Hong Kong finds flickers of hope in Ukraine’s Winter on Fire
Oscar-nominated documentary on Ukraine’s revolution captures attention of audience growing restless under Chinese rule.
Hong Kong, China – On a muggy summer night thousands of people across two dozen neighbourhoods gathered in Hong Kong to watch Winter on Fire, the Oscar-nominated documentary on the 2013 demonstrations in a snowbound Ukraine that eventually toppled the country’s pro-Russia government.
Kiev and Hong Kong, nearly 8,000km apart, could not be more different, but the film, with its bloody but hopeful ending, has been the talk of many protesters in the Chinese city since their own struggle with the authorities began three months ago.
“It’s time to reflect and to imbibe new ideas to energise our movement,” said Napo Wong, who co-organised the screening in his neighbourhood near the University of Hong Kong.
Nearly 300 people fanned out on the sloped, concrete pavement, transfixed by scenes that evoked their own experiences of facing off against the riot police.
Protests over the extradition bill began in June, but have since morphed into a broader movement against the government with protesters detailing five demands including the right to elect the territory’s top leader.
A former British colony, Hong Kong was returned to China in 1997 under the “one country, two systems” framework, which guaranteed Hong Kong people rights and freedoms largely absent in Communist Party-controlled mainland China.
Fear of crackdown
Although Chief Executive Carrie Lam on Wednesday announced the complete withdrawal of the bill after three months of protest and sometimes angry confrontations with police, there have been no moves to meet the protesters’ other demands.
China has railed against “foreign forces” it claims are fomenting unrest, but it’s the Hong Kong protesters themselves who have been eager to adopt tactics used elsewhere in the world.
In 2014, taking a page from the Occupy Wall Street playbook, thousands of protesters camped out on the city’s main thoroughfares for nearly three months to demand free and fair elections.
Just two weeks ago, more than 200,000 stood shoulder-to-shoulder to form a 60-km long human chain.
They were inspired by nothing more than an old snapshot showing some of the two million Estonians, Latvians and Lithuanians who joined hands in August 1989 in what was known as the “Baltic Way” to show their support for independence and their opposition to the Molotov-Ribbentrop Pact, which was signed in 1939 and set the stage for the Baltic states’ annexation by the Soviet Union.
The rally, organised online under the rubric of “we connect, and stand hand in hand in our fight for freedom,” was dubbed the “Hong Kong Way”.
Most of the demonstrators came out after work without having to protect themselves with umbrellas and hard hats. By turn, they burst into songs and protest slogans.
“Many supporters of the current movement prefer to use non-violent tactics to drum up international support, even though it won’t sway Beijing,” Dixon Ming Sing, an associate professor at the University of Science and Technology who studies comparative political culture, told Al Jazeera.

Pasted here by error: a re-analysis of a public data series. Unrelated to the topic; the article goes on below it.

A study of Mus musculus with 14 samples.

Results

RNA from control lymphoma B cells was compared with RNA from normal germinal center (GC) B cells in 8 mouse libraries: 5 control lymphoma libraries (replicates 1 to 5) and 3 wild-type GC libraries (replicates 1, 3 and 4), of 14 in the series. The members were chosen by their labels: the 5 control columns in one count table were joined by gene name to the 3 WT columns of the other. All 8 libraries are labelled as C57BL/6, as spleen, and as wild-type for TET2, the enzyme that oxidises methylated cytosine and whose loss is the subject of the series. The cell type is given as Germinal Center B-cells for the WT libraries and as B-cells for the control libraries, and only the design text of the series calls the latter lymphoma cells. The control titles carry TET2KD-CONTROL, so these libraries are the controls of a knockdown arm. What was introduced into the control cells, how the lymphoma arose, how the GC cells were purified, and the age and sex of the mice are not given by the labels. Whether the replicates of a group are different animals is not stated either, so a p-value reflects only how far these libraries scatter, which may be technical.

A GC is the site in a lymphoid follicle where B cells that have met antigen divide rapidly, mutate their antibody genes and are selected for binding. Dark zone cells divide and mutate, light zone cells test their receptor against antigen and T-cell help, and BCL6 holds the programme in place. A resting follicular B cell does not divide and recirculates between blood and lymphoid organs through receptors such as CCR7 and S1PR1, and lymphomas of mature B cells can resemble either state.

“People around the world can relate to this.”
Some seven months after the Baltic protest Lithuania declared independence from the Soviet Union, which eventually collapsed in 1991.
But two 30-year anniversaries being marked this year resonate strongly with the Hong Kong protesters – China’s brutal crackdown in Tiananmen Square and the fall of the Berlin Wall, the symbol of Europe’s Cold War division.
“It’s an historical irony that has left a strong memory,” said Kenneth Chan, a former legislator and now associate professor at Baptist University who specialises in Eastern European history. “Hong Kongers have a strong interest in finding out what happened to countries under oppression.
“The protesters have drawn lessons from around the world and from history on the steps to take to grow the movement, at the same time making sure it doesn’t burn out. There’s a sharp learning curve.”
Much as the protesters have stunned the world with regular million-strong marches, demonstrators are all too aware of the demands of such a struggle.
“We see in Ukraine how many people lost their lives and (how) they succeeded,” KY Cheung said at the screening.
“This time, more people are ready to sacrifice and we need to solidify our base.”
After the government announced the full withdrawal of the extradition bill, the protesters – promising to hold out until all their conditions were met – once again found inspiration in Ukraine’s experience, citing a line from the film: “If we accept the government’s conditions, our friends who have sacrificed their lives will never forgive us.”
China has tagged Hong Kong’s protests a “colour revolution” evoking the waves of uprisings in the states of the former Soviet Union.
For Chan, it seems apt.
“Hong Kong is not an orphan in the global battle for democratic self-government; ours is not a standalone struggle,” he said.
“What we’re facing isn’t dissimilar from the former Soviet regime.”